Conflict Between Conservatives in Parliament and Ahmadinejad Intensifies

Shayan Ghajar

Prominent conservative parliament deputy from Tehran, Ahmad Tavakoli, launched a scathing verbal attack on the presidency of Mahmoud Ahmadinejad July 6, in yet another spat between conservative parliamentarians and Ahmadinejad’s administration, Alef News reports. Tavakoli, a cousin to the powerful Parliamentary Speaker, Ali Larijani, accused Ahmadinejad of deliberate corruption and disregard for the rule of law.

The source of Tavakoli’s anger stems from the unusual trials of individuals implicated in committing grievous crimes at the notorious Kahrizak detention center, a location previously used by Iranian authorities as a repository for protesters detained in the fallout of the June 12, 2009 presidential elections. After numerous allegations of torture, as well as two known deaths of prisoners resulting from physical trauma, a government investigation was launched to quell the outrage voiced across political boundaries.

Tavakoli asserted in his speech that Saeed Mortazavi, Tehran’s Chief Prosecutor during the abuses at Kahrizak, escaped punitive measures during the scandal due to his close political and personal ties to Ahmadinejad. To de-escalate the national protest of Mortazavi’s implication in the widespread torture and deaths at Kahrizak, state authorities had declared that Mortazavi would be punished for the human rights abuses. But this never happened; instead, Mortazavi was appointed by Ahmadinejad as head of an agency which aims to combat smuggling.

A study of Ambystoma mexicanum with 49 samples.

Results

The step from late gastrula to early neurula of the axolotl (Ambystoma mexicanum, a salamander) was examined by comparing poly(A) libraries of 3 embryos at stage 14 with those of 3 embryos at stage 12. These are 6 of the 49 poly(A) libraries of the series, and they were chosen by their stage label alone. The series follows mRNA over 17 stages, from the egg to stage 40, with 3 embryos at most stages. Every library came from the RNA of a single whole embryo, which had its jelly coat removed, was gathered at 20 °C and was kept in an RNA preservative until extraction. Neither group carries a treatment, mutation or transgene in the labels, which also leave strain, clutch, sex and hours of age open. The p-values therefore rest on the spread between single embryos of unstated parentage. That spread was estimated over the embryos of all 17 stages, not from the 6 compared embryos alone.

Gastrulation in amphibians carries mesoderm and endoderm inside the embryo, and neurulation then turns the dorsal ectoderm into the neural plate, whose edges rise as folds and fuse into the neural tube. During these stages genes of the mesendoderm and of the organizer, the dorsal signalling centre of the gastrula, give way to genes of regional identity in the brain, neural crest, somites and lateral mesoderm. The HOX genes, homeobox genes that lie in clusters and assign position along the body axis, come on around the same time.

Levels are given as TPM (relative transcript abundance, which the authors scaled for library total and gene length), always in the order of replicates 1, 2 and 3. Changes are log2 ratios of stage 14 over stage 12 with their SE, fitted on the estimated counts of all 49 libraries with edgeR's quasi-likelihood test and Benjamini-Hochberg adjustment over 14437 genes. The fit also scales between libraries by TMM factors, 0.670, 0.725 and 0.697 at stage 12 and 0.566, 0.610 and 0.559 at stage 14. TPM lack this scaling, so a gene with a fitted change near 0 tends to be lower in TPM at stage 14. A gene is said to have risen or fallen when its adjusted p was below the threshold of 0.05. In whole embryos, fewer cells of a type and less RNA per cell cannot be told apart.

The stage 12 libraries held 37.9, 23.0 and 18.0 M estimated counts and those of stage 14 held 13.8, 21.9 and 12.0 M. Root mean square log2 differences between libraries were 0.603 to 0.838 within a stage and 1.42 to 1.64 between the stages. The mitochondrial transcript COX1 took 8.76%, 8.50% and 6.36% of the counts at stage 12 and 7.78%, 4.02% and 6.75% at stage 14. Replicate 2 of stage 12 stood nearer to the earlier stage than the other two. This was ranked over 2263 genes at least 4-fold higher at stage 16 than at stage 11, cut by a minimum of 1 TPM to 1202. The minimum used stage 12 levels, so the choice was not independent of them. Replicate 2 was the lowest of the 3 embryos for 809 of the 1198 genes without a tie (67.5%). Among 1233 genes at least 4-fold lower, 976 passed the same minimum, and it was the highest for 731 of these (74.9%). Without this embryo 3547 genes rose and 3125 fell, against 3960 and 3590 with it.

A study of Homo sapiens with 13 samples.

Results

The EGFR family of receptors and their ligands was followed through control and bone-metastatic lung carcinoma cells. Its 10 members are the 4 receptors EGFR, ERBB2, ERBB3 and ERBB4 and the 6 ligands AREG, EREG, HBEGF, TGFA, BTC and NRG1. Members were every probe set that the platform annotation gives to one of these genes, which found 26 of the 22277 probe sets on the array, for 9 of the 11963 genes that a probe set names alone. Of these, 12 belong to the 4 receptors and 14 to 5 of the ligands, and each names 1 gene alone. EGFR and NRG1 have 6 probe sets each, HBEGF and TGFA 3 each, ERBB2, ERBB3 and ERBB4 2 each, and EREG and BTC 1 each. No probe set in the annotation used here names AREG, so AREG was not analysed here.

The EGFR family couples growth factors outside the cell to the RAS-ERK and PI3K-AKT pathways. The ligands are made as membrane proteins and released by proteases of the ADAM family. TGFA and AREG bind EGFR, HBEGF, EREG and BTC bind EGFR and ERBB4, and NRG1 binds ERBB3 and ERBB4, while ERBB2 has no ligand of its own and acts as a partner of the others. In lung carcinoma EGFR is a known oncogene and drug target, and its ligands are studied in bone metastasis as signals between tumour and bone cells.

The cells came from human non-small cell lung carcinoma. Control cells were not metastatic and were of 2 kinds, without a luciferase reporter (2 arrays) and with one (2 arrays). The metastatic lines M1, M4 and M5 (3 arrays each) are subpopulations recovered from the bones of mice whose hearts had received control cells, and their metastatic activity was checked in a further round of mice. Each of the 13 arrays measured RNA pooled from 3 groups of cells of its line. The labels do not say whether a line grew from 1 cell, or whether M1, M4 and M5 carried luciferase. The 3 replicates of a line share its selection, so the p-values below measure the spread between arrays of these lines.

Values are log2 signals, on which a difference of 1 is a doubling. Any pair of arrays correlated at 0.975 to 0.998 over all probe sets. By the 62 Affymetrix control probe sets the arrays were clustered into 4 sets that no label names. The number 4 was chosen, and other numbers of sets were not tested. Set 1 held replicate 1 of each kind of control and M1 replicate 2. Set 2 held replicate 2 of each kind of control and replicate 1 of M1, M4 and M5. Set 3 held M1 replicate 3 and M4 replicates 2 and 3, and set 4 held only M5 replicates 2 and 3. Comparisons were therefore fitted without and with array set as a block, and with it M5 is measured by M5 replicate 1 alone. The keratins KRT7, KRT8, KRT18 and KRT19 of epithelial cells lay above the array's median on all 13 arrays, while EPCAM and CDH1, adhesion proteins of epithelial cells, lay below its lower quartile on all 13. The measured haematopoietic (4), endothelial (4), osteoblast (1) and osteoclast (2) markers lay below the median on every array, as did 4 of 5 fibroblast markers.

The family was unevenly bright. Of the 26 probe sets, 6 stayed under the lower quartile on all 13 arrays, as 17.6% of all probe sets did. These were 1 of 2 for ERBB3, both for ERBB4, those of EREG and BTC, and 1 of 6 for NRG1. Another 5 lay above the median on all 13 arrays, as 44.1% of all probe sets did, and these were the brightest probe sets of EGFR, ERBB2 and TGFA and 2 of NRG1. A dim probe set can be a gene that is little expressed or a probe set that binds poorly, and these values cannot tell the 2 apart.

Tavakoli declared that Ahmadinejad’s “prejudiced legal practices will diminish the legitimacy of the Islamic Republic.” Tavakoli called for an acceptance of the diversity of opinions in the Islamic Republic, and said that the Iranian Constitution, above all, should dictate how to respond to the country’s current political impasse.

Ahmadinejad, Tavakoli continued, has operated outside the bounds of the Constitution by disregarding the authority and legitimacy of the judicial and legislative branches in a multitude of ways in his time as president. The result has been a system of cronyism rather than separation of powers.

Tavakoli concluded by saying that Ahmadinejad’s recent actions should “sound the alarm” that the Constitution of Iran is endangered, and that all three branches must respond.

The speech marks yet another instance in recent months of conservative MPs lashing out at Ahmadinejad’s heavy-handed domestic political games and overt acts of favoritism. Tavakoli, often aligned with Speaker of Parliament, Ali Larijani, shares his intense dislike of Ahmadinejad’s style of governance. As time goes on, the rifts between moderate conservatives in the legislative branch and Ahmadinejad’s administration grow ever wider.